You have undoubtedly seen the projections about college expenses. Using an average increase of 5% per year, by 2030 the annual tuition at a four year public school could soar to $41,200, and $92,800 at a private, nonprofit school.
These numbers will undoubtedly make even the well-to-do cringe. Thus, parents and grandparents are often interested in strategies to sock away money now to pay for skyrocketing college expenses.
Identifying what will be the best college-saving tool will depend on many factors, including earnings, savings, income tax bracket, risk tolerance, age, the ages of the children or grandchildren, and the potential for scholarships and other financial aid. This may be an area where trust-based options could be considered
While revocable living trusts are commonly associated as the centerpiece of an estate plan, a “special purpose” educational revocable trust can provide significant flexibility to those looking to set aside funds for a child’s or grandchild’s education, but who perhaps aren’t quite ready, for whatever reason, to make a permanent gift or earmarking of the assets
A revocable education trust puts you in control (the trust is revocable after all) and lets you focus on the goal of legacy for your family rather than on the complexities associated with managing irrevocable trusts. While alive and well, you can serve as the trustee and have complete discretion about the timing and purpose of distributions, while tailoring distributions to your family’s needs.
For example, Bob and Jane set up a trust for their grandson Nick. They add Nick as a permissible beneficiary and add assets each year to the trust without any gift tax consequences (because the trust is revocable, there’s no completed gift). If they choose to do so, they can share with Nick how much has been set aside, or they can choose to keep it private. If Nick doesn’t need the assets (say because of a scholarship or because he’s chosen to not pursue higher education), the assets aren’t trapped inside of an education-specific account, such as a 529 plan, and Bob and Jane can give them to Nick or use them for some other purpose by revoking or restating the trust. To that end, this type of trust can help Bob and Jane feel more comfortable about setting aside money, since they can still gain access to the assets if they need to, which can be challenging, costly, or impossible as a practical matter with some of the other options, like UTMA/UGMA, 529 plans, or irrevocable trusts.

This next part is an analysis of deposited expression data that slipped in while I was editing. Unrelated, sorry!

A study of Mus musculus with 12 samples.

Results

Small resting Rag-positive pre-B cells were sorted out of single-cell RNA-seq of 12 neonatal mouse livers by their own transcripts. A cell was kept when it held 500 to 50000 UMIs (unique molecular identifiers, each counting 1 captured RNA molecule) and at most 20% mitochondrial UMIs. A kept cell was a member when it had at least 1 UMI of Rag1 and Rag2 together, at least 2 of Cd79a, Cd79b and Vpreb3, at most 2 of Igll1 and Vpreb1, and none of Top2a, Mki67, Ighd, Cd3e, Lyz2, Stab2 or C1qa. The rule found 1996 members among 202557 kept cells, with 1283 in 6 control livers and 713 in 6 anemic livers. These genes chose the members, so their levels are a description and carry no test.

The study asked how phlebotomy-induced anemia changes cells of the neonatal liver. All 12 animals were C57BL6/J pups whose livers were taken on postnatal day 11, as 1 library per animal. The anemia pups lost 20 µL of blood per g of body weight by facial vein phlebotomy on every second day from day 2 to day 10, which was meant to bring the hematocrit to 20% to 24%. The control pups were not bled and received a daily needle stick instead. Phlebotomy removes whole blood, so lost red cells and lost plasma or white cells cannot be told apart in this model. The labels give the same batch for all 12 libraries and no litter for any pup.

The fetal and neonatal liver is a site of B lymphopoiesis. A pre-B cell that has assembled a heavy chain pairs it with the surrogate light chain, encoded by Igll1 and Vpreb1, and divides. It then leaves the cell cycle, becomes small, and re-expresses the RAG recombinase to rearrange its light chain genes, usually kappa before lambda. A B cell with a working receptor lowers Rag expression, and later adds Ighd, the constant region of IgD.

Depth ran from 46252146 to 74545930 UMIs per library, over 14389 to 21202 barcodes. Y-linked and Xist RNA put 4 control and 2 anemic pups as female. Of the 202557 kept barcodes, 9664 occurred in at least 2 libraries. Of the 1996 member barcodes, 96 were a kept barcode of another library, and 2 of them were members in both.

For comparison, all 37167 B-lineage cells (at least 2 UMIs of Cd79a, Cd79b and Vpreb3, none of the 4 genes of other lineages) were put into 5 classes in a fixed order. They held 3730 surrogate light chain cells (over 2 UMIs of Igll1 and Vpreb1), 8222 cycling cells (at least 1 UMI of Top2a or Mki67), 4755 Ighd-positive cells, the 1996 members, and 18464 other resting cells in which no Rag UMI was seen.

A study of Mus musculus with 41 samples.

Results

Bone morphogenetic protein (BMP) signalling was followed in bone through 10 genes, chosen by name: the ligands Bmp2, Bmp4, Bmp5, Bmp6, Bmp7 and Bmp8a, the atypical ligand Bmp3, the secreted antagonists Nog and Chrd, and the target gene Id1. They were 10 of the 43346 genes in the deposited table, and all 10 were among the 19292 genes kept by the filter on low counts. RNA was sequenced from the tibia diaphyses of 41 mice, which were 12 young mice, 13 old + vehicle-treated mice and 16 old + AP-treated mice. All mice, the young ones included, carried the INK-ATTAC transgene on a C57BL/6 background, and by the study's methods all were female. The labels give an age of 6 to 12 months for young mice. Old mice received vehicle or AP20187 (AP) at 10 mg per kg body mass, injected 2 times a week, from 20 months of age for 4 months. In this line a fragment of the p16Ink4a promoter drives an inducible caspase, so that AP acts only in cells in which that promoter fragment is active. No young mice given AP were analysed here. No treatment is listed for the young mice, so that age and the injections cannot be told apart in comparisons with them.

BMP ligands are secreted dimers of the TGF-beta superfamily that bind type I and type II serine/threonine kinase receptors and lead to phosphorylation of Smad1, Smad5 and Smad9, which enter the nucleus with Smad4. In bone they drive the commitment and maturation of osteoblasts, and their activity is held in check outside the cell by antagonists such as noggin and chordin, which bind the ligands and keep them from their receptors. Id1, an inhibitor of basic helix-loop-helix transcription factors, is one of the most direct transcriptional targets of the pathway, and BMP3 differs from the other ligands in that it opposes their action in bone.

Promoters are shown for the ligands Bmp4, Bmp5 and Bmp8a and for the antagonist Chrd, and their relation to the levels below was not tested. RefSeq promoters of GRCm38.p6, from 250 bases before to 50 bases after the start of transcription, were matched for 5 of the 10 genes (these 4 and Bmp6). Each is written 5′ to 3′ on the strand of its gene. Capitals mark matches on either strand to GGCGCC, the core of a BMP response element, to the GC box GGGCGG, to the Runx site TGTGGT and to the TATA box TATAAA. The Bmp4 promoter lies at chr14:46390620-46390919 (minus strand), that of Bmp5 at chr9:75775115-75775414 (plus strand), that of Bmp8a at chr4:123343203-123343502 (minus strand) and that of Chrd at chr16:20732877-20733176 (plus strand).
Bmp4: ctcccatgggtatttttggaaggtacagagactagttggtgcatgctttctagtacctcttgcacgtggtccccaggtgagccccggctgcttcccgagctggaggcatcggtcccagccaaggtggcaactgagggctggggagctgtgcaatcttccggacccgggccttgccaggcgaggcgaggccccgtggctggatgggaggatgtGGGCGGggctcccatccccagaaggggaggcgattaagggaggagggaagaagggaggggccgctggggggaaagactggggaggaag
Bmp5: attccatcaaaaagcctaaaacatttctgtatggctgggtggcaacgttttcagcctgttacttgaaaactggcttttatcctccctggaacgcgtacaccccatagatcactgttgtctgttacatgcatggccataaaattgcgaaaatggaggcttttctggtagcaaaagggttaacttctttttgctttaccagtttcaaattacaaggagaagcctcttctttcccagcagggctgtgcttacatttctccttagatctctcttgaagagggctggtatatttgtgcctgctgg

While “Crummey Trusts” are commonly used to own life insurance and won’t be fully funded until after death, they can also be used as an effective lifetime gifting trust to hold funds that can be used to pay for a beneficiary’s expenses. A properly drafted “Crummey Trust” will include demand rights that allow transfers made to it to qualify as annual exclusion gifts and remove the trust assets from the trustmaker’s estate.
Planning Tip: A trust can be a flexible tool for setting aside funds to provide for the care, support and education of a child or grandchild.
How 529 Plans generally work:
- Contributions must be made in cash and must qualify for the annual gift tax and GST tax exclusions.
- Each beneficiary must have a separate account.
- Earnings grow tax-free and distributions are tax-exempt when used for higher education expenses, including tuition, fees, books, supplies, equipment, and room and board.
- If a beneficiary decides not to go to college or fails to finish, the donor can change the beneficiary to another family member of the same generation without any gift tax or GST tax consequences.
- A 529 account can be owned by a trust, providing continuity of management for trust assets (even those not used for higher educational purposes) and the possibility of greater control although there are some downsides.
Planning Tip: A non-trust-owned 529 account can be “supercharged” by funding it with up to five years of annual exclusion gifts in one year (currently $14,000 per beneficiary, or $70,000). Thus, a married couple with three grandchildren can set aside $420,000 in one year (2 x 3 x $70,000). On the downside, if the donor dies before the fifth year after funding, the gifts for the years following the year of death will be brought back into the donor’s estate.
It is important to consider the impact a trust as well as a 529 Plan, a UGMA or UTMA account will have on financial aid. In general, a student’s assets may be given greater weight than the parent’s assets, so techniques that shift assets from a parent to the student may reduce needs-based financial aid.
As part of the educational planning process, you want to consider all angles to determine the best solution given the circumstances.